Tethering, Verizon, and the Problem with Public Interest Requirements

When Verizon won an auction to use the 700MHz band of the spectrum to deliver mobile broadband, it promised to adhere to a set of openness rules that included allowing customers to use applications and devices of their choosing. But Verizon is now blocking "tethering" apps that allow us to use our cell phones as a modem for our computers.

Wendy Davis at MediaPost offered more context:

Whether it's legal for a wireless carrier to cripple tethering services is unclear. Verizon agreed to follow open Internet principles as a condition of acquiring the spectrum that it uses for 4G wireless phones. One interpretation of that condition is that the company shouldn't attempt to restrict tethering on its 4G network -- though apparently it's still free to do so on the 3G network.

But aside from neutrality issues, Verizon's move clearly seems hard to justify from a pricing standpoint. Given that the company is already going to charge new users based on the amount of data they consume, there's no reason for it to also impose a surcharge for tethering.

Free Press filed a complaint with the FCC to investigate:


Recent reports reveal that Verizon has been doing just that by asking Google to disable tethering applications in the Android Market. Tethering applications, which allow users to make their phones into mobile hot-spots, implicate the customers' ability to use both the applications and devices of their choice. Free Press argues that by preventing customers from downloading tethering applications from the Android Market, Verizon is restricting not only the applications available to them, but also limits use of tethered devices such as laptop or tablet computers. [Read the Full Complaint here]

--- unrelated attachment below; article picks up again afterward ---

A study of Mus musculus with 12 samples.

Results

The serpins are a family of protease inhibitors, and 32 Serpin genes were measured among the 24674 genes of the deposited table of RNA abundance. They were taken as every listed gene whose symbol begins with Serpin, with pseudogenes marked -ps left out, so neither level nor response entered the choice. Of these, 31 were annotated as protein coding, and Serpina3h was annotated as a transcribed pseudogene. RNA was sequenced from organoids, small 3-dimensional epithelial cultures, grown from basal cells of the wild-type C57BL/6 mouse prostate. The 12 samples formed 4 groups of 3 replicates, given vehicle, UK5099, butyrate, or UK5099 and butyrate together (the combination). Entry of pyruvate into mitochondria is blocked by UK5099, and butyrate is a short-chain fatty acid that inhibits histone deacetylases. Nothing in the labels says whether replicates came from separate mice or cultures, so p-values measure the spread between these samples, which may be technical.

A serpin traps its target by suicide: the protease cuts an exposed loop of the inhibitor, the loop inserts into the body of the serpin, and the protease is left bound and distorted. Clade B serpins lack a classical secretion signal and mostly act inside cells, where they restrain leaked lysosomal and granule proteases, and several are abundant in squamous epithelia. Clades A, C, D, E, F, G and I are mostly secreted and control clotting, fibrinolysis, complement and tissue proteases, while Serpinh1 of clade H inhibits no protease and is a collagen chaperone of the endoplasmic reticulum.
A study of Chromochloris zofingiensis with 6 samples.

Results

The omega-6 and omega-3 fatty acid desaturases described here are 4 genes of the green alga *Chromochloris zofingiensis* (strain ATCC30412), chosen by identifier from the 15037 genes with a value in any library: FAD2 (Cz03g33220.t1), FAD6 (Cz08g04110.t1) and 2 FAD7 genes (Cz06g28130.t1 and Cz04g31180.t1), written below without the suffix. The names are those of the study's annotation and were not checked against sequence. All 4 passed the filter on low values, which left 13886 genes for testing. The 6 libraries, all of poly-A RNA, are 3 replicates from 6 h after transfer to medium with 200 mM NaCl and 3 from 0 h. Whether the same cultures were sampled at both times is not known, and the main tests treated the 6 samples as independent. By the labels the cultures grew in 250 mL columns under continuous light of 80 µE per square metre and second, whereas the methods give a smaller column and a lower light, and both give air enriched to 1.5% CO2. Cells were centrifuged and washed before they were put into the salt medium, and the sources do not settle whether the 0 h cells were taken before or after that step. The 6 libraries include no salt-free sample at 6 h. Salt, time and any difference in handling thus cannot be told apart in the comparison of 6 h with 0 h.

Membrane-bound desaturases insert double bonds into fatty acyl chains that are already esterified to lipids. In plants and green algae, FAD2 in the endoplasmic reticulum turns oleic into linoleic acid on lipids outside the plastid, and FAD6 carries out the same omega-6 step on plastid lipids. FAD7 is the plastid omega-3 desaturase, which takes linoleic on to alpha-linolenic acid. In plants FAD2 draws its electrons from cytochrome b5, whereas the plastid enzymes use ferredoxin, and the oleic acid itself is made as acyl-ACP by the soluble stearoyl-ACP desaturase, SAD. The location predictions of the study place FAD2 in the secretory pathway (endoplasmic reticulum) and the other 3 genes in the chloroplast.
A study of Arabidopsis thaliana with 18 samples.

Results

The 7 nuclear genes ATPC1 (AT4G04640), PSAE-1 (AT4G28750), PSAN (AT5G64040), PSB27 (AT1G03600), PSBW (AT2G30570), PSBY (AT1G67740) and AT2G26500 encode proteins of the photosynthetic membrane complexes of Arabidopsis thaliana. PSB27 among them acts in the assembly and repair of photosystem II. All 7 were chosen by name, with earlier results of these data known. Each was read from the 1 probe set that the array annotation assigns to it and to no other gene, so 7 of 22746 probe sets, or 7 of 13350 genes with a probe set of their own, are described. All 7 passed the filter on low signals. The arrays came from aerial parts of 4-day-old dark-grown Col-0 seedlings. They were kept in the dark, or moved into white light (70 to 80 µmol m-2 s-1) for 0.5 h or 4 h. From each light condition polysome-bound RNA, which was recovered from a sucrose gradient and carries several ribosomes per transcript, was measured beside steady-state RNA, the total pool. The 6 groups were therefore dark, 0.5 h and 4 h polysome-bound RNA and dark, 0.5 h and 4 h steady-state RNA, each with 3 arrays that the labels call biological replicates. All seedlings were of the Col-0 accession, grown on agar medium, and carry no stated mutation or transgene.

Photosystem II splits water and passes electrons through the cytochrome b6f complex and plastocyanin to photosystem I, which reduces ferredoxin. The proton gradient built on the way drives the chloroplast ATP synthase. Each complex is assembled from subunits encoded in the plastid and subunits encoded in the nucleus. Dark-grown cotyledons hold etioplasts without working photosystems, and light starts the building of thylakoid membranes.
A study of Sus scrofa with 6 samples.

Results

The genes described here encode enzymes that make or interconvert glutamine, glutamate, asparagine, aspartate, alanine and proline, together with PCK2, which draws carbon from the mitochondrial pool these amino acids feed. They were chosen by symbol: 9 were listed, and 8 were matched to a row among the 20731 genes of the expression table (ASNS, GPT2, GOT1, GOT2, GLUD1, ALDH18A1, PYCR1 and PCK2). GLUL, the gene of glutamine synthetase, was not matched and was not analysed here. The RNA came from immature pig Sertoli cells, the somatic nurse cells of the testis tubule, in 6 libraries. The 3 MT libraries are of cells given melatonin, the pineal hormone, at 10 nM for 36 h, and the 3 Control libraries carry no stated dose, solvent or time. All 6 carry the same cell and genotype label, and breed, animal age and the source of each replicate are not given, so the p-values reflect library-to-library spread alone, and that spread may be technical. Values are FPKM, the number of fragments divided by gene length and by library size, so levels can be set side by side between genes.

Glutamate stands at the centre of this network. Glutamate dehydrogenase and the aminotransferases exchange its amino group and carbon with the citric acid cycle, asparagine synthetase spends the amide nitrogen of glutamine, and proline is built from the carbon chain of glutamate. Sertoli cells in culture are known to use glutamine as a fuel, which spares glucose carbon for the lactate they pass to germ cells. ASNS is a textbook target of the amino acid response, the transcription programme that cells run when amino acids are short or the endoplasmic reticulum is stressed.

Free Press Policy Counsel Aparna Sridhar noted:

“In 2007, Verizon argued aggressively against the adoption of these basic openness protections. Having lost that policy battle but won the auction for the spectrum licenses, Verizon has adopted a new regulatory strategy: simply ignore the rules on the books. The Commission must move quickly to investigate and stop these harmful practices.”

This is the problem with imposing public interest requirements, and more generally, regulating companies that are providing essential infrastructure. Companies like Verizon are incredibly powerful and regularly ignore rules they do not like, understanding that they can delay any rule or punishment for years. They can often delay long enough for DC to change administrations or simply grow weary of trying to defend the public interest (often when the public has no idea what is happening).

If the US pursued a policy where the infrastructure elements were publicly owned and independent service providers competed on top of that infrastructure, we would have more tools to prevent abusive practices. For one, companies would have to adhere to the rules in order to use the infrastructure. For another, we would have more providers competing, allowing people to switch away from abusive carriers -- a luxury many do not have currently given our duopolistic telecom markets.

This matter of tethering is incredibly important for the future of mobile access to the Internet, as explained by Barbara van Schewick (always a worthwhile read):

The questions raised by the complaint are too important to be decided without public participation: The C Block of the 700 MHz band is currently the only spectrum that is subject to mobile network neutrality rules.[1] Knowing that there is at least some part of the mobile spectrum that is protected by basic network neutrality principles is important for users, innovators and investors. Whether the openness conditions indeed afford protection depends, however, on how they are interpreted and enforced. Thus, the proceeding has important implications for many businesses, innovators and users in the Internet ecosystem, so they should have a chance to have their voice heard, too. In addition, as I explain in the letter, the proceeding raises important issues regarding openness in mobile networks in general.


Thanks to Free Press, Barbara van Schewick, and all the others who are defending the public good.